February 19, 2010
While Cape Region golfers patiently wait for all the snow to melt, they might as well think about what part of their golf game they’d like to work on for the next season, if they ever have the chance. For me, that would be the short game from just off the green.
If my ball sits on the fringe, or lying up against the rough on the outside edge of the fringe, I’m fine. I don’t have any problems putting on somewhat longer but still short grass, and I enjoy using a bellied wedge to bunt the ball toward the hole.
In addition, and thanks to a great lesson from Shawnee Country Club’s pro, Devon Peterson, I’m no longer wretched when hitting out of a sand trap. What used to be a nightmare scenario is now just fun.
I wish I could say the same for chipping and pitching shots from beyond the greenside fringe and out about five to ten yards. That way sadness lies, for the most part.
I’m not alone with this part of my golfing non-excellence. In fact, last weekend’s PGA Tour event at one of my favorite places, Pebble Beach, showed two pros blowing up their good chances at winning the match on the same hole, based on the same difficulties.
I suppose that should make me feel better, but it doesn’t.
Bryce Molder is one of the newer golfers on the PGA Tour, and he was doing really well in the final round until he reached the 14th hole. His third shot on the historic par-five hole landed a little short of the green, adjacent to the front-side bunker. The hole was in its usual Sunday position, on the upper tier of the green, snuggled up on the bunker side of the tiny patch of relatively level turf.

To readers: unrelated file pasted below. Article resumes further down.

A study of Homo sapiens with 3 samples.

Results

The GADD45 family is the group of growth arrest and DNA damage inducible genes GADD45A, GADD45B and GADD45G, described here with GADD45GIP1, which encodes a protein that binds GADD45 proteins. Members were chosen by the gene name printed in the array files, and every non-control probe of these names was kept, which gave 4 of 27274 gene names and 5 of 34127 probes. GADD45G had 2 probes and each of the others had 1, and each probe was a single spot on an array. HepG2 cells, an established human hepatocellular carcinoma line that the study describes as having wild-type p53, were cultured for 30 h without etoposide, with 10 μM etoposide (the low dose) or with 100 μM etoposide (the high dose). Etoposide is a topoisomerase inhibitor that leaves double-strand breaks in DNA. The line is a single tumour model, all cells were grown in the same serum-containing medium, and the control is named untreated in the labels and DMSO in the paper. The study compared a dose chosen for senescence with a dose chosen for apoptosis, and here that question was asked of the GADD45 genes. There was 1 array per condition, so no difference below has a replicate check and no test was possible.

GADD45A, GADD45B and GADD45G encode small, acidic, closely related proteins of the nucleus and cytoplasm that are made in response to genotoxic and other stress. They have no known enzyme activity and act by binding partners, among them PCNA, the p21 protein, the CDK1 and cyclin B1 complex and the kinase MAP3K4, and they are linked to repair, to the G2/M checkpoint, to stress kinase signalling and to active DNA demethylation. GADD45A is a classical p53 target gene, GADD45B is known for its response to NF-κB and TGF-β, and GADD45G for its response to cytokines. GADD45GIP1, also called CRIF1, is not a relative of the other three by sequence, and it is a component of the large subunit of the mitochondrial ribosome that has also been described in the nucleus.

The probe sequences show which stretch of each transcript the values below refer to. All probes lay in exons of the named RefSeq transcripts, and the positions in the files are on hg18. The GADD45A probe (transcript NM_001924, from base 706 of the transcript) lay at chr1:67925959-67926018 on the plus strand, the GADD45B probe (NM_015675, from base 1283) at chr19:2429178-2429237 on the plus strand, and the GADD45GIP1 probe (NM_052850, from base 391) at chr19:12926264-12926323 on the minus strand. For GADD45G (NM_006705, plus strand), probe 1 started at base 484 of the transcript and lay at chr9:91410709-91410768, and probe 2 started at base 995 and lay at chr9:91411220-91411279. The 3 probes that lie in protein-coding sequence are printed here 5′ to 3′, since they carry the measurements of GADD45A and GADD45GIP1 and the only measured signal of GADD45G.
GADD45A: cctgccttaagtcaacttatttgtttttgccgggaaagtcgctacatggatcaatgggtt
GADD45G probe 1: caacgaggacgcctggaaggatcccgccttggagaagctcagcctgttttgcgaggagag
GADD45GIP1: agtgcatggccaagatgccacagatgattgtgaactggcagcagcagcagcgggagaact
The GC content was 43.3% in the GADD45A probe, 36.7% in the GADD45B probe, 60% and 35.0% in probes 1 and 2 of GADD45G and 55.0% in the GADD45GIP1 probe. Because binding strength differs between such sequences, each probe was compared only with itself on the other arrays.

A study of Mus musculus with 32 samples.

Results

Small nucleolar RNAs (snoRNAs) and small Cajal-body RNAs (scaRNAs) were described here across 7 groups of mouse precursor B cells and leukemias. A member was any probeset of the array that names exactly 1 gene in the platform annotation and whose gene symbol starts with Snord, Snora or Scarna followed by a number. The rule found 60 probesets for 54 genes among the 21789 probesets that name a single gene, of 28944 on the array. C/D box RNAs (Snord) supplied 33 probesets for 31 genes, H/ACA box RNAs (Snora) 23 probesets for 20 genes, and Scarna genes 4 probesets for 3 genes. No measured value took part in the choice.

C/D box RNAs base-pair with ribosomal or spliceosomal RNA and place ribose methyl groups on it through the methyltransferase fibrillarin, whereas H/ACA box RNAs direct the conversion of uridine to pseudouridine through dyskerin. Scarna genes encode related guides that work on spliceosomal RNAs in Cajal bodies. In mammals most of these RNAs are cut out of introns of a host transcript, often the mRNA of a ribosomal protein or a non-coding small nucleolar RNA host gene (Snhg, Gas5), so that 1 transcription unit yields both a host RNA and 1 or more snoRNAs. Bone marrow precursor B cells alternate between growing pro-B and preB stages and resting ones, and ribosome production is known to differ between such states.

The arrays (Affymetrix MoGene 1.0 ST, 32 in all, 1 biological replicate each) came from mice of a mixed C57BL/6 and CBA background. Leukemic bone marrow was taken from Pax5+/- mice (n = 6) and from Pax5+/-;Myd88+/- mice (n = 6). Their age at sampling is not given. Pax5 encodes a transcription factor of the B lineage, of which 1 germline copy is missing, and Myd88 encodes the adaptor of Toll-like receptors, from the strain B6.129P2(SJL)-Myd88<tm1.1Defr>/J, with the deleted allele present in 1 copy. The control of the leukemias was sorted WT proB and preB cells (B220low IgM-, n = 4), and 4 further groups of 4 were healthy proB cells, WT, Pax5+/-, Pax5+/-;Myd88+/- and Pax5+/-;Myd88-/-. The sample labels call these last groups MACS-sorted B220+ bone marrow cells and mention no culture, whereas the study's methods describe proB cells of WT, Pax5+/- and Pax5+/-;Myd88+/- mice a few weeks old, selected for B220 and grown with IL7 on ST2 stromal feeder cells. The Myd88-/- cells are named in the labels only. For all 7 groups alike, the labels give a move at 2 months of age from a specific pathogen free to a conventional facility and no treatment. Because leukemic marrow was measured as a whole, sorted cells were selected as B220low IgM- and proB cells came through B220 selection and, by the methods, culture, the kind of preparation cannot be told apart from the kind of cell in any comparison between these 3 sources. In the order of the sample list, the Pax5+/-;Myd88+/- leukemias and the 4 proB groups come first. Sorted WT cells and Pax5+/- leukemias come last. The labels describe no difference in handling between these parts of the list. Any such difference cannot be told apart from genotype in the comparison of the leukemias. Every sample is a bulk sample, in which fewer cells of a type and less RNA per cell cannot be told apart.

Molder tried to putt across the edge of the green, uphill toward the hole.
The ball rolled across the green, down into a swale beyond, and nestled into wet rough under a tree. His next shot also strolled across the green, and eventually stopped near the place where his third shot ended. Molder eventually took a nine on the hole, and bounded down the leaderboard.
A few players later, Tour veteran Paul Goydos did much the same thing. This time he pitched over the bunker, with the same ugly result as Molder’s first putt. Goydos’ chip out from under the tree ran up toward the green, and then rolled back down the slope to a spot a few feet from where he stood. He also ended up with a nine.
I know just how Goydos and Molder felt, and I’m sure many of you do also.
Perhaps their experience was part of the inspiration for the Feb. 16 edition of the USGA’s Ruling of the Day. The situation is one that most of us have probably seen happen:
Q: After playing his ball out of a greenside bunker, the player smoothes his footprints. He then discovers that his ball is in another bunker on the other side of the green. He plays out of the second bunker and the ball comes to rest in the smoothed area of the first bunker. What is the ruling?
A: No penalty was incurred. The player did not smooth his footprints in the first bunker while his ball still lay in that bunker — see Exception 2 to Rule 13-4.
If, however, the player failed to extricate his ball from the first bunker with his first stroke and had smoothed his footprints while his ball still lay in that bunker, he would have incurred a penalty if the act of smoothing his footprints had caused a breach of Rule 13-2 with respect to his next stroke. (Revised)
In this case, the golfer didn’t try to improve his lie in the bunker, which is the point of the rule in question.
It was bad enough that the player found himself in the same bunker the second time, without also hitting him with an unnecessary penalty stroke.